Building an engine for a street performance or bracket race application leaves the builder wide open in terms of parts selection, with power potential only limited by how far you are willing to go and how much you are willing to spend. In NHRA-legal class racing, such as within the ranks of Stock Eliminator, the game rules are strictly defned. The rule book will dictate major parts, from legal major castings to limitations on all manner of engine specifcations. These rules and limitations have their roots in OEM passenger car combinations, as offered by the factory, with mandated use of a variety of OEM components or their legal replacements. As such, a Stock Eliminator competitor must work within these constraints while competing for the prestige of a successful NHRA class racer.

Wade Owens of Cape Girardeau, Missouri, jumped into the highly competitive world of Stock Eliminator running a 283 small-block-equipped '66 Chevelle in L/Stock Automatic. Through honing his skills and refning the small-displacement Chevrolet engine, Wade's combination has become one of the most competitive in the game. What intrigues us about the Stock class cars is the on-track performance and engine power output obtained within the strict rules constraint. A mid-11-seond Chevelle would be an accomplishment to be proud of with a big-inch small-block sporting the latest high-performance parts. What is amazing about a Stock Eliminator car like Wade's is that this level of performance is achieved with a small-displacement engine through stock small-valve OEM heads, a factory iron intake, and the tiny, virtually antique, OEM carburetor.

How is it possible? The name of the game in NHRA Stock racing is an incredible level of refnement in getting the most out of the combination. Testing, optimizing, and thinking outside the box are the hallmarks of a successful effort in this category of racing. On the surface of it, one would be hard pressed to believe that a Stock 283 Chevy, with an actual displacement of 293 cubes, breathing through 1.72-inch intake valves, with lift restricted to a meager 0.399 inch through a stock-style valve train would pull hard to upwards of 8,000 rpm and deliver power approaching 1.3 hp per cubic inch.

Wade recently had his small-block apart for a freshen-up and contacted us to see if we would be interested in having a look at what's inside. We took that opportunity and detail just what is important in making one of these combinations work. It is no small achievement to put together a competitive combination at a national level in a venue as tough as NHRA Stock Eliminator. With the help of the likes of multiple Amsoil Engine Masters Challenge champion Tony Bischoff of BES Racing and other dedicated professionals, Wade Owens has done just that.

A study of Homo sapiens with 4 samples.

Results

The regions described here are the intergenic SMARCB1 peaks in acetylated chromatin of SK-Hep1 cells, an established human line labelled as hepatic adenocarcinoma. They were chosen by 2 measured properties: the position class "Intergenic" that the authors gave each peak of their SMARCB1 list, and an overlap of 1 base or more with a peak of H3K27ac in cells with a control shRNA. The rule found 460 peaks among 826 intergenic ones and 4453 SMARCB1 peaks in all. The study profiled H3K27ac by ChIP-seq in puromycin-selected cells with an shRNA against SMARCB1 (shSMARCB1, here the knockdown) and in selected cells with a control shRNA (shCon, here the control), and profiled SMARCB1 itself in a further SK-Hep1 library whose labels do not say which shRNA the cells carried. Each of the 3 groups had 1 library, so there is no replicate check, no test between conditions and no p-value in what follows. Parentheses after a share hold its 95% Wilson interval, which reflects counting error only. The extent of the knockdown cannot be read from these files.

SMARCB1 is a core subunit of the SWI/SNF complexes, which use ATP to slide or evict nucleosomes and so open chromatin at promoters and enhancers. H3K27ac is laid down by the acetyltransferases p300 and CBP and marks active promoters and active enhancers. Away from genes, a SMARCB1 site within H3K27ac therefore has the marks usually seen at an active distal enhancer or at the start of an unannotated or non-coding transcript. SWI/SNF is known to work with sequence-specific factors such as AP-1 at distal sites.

Into the Class Racing Fray
Why would anyone want to run Stock Eliminator? Arguably, the most competitive class in the sportsman ranks, these racers are a special breed. In Stock, you have to use an engine and transmission that was factory available. NHRA designates how much the cars will weigh based on a horsepower factor and shipping weight. Wade Owens relates his introduction to the ranks of Stock Eliminator, "When we frst built the Chevelle, we had no idea it would make a great class car. I had some 283 parts and always liked the '66 Chevelles." Wade and his son, Alex, attended their frst race with the car in 2007. Wade tells us, "It was pretty fast right out of the box. That just stoked us up to see how fast we could really go." And fast they are.

The Chevelle currently runs right on or just under the national record. "It takes a lot of work to get the car to run 1 second under the NHRA index. You have to be willing to test everything, then test some more. Sometimes our test sessions are successful, other times, not so much. Carburetors and intake manifolds are not created equal. Casting variances can mean as much as 10 hp difference. It pays to keep your best piece until you get one that shows an e.t. gain." It also pays to surround yourself with a great support team, and Wade is quick to share credit: "Guys like Tony Bischoff of BES, Michael at ICE Ignition, Jeff with Canton Products, and Dean Oliver of Deano's Carburetors have all contributed big to the Chevelle's performance."

As of this writing, the car has garnered eight class wins and six No. 1 qualifying positions and has run as fast as 11.571 in L/Stock Automatic. So what's next? Wade is always contemplating ways of going quicker, "We still have plenty of things that I wonder if it will work. Alex always says it's gotta be worth something!"